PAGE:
There is no shame in accepting the fact that no Bengali festival is complete without the planning of food. The debate to eat outside or at home is eternal and other than the person who is responsible for making the food, it is a win win situation for both. When I was a youngster, the thrill of eating out during the pujas was intense and it had its fair share of reasons too – quality time with friends, that sense of being grown up by paying for your own food through your pocket money and obviously the liberty to have whatever you want. All my life, I have been an out and out savoury person and have not been attracted to ice creams at all. Yes, you have to believe this like the fact that I want Kosha Mangsho in my death bed. Madhushree, on the other hand has been a great fan of ice cream and because of her influence, I started loving ice cream. I realised I have been missing a lot.
My memories are vivid of ice cream in growing up years. I am speaking about a time when one still had to book a trunk call and wait endlessly to speak to a relative in Delhi, when Doordarshan was the sole entertainer and radio was considered as a bestie. During this time, there were rarely ice cream parlours and ice cream meant the lone wooden cart ice cream seller, who had a mystery box from where with elan he would pick up your choice of flavour. There was no menu card and the ice cream pictures were hand painted on the wooden cart. These were not ice creams but popsicles which we learnt and realised later. During Durga puja also, you would see these ice cream sellers near the Puja pandals and sell the popsicles. With passage of time, the cup ice creams came in. Tiny cups with small wooden spoons initially and green spoons later have been the base of many a love story. The flavours were predictable in the initial years- mostly vanilla, butter scotch, chocolate and two in one. But just like by this time the dish antenna and cable TV had become the bestie and the radio was shoved away in the corner of the house, the new flavours of ice cream started making their appearances. While we got to taste the global flavours like hazelnut, almond, pistachio and others, now the innovation has gone to the next stage.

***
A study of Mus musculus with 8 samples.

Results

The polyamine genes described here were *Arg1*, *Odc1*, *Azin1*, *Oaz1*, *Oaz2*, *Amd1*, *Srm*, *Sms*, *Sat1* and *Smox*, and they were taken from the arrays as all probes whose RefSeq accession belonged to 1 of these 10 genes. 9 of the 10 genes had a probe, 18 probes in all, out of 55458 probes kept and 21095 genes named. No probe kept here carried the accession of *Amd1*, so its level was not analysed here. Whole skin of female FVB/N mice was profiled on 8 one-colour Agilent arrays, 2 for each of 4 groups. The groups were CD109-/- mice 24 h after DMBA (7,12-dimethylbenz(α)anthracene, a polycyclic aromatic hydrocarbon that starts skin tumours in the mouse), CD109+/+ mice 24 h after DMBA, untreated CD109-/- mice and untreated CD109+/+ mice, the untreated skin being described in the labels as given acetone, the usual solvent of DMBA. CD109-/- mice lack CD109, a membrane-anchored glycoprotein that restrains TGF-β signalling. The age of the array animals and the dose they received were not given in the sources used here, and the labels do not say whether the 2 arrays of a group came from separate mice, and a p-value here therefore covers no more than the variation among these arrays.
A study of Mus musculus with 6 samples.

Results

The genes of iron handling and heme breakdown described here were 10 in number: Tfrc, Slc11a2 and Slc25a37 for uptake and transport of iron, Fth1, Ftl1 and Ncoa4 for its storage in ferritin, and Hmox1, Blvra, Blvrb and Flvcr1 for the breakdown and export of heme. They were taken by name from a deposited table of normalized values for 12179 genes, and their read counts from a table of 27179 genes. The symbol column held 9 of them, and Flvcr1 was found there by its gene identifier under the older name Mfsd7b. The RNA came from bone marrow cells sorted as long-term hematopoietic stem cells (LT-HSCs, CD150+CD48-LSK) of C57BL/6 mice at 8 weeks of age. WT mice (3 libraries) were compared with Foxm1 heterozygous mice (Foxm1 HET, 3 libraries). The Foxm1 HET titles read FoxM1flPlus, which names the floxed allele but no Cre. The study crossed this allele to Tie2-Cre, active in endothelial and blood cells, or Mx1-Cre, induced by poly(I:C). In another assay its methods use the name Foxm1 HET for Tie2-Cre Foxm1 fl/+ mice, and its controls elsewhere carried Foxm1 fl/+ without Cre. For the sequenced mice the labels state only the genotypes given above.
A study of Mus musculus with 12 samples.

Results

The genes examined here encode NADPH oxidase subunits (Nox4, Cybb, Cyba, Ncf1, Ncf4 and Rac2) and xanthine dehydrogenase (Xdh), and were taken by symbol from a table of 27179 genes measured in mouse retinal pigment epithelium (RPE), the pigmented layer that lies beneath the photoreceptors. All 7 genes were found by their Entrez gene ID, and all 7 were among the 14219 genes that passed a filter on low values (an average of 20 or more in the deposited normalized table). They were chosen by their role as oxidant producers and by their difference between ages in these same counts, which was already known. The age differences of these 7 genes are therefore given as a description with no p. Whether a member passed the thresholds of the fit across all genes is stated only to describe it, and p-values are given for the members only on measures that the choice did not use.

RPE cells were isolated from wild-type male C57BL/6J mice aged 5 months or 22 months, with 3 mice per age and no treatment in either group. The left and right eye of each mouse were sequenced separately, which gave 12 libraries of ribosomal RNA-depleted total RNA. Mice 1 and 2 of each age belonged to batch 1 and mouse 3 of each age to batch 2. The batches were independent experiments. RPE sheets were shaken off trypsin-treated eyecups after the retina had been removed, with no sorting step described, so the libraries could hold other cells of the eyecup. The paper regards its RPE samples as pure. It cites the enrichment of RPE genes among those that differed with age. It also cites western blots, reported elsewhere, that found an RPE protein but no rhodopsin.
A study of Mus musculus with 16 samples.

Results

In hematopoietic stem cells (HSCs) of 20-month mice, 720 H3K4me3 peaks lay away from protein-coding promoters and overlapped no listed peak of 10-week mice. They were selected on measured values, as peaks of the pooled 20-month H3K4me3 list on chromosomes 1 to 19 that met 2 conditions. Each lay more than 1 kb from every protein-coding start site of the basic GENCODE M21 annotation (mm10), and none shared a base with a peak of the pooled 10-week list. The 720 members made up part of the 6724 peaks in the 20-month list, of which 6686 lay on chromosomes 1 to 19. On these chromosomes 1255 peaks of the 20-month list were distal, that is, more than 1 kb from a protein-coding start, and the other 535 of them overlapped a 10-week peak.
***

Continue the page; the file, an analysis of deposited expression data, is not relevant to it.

When we travelled abroad, just like tasting the local food we always made it a point to taste out the local ice creams. Be it the Turkish Ice cream which is fascinating the way it is sold in the most dramatic presentation or the Movenpick (which is definitely not a local brand) from Switzerland and the thrill of having it at Europe’s highest located bar at Mt. Titlis.
The rare opportunities that I get to buy ice creams, I get it from the grocery shop adjacent to my housing society and one of these days, all of sudden the shopkeeper insisted on a new flavour rather than taking the usual. I pinched myself as who would have thought for a person who had started his life with coloured popsicles will also get a chance to have nolen gur flavoured ice cream. Nolen gur (date palm jiggery) is that seasonal lover who everyone wants to flirt with and have an affair knowing that it will disappear some day. But Mother Dairy, with its innovation has brought out this exotic local flavour in the form of ice cream which is available round the year. And it is not necessary that we have to be stationed in Bengal to experience the distinguished Nolen Gur flavour. One can be at any part of the country and Mother Dairy, with its remarkable distribution channel will deliver this product to you at your local supermarket. It is available in 2 sizes, 90 ml for Rs. 20 and 750 ml for Rs. 150, which I think is a super deal.
So, this Durga Puja, while you are out for pandal hopping in the heat and humidity, refresh yourself with a tub of Mother Dairy Nolen Gur ice cream. Well, if you are not going out and instead are having a house party, then impress your guests with this rich and exotic Mother Dairy Nolen Gur Ice Cream.
Please note This post is in collaboration with Mother dairy.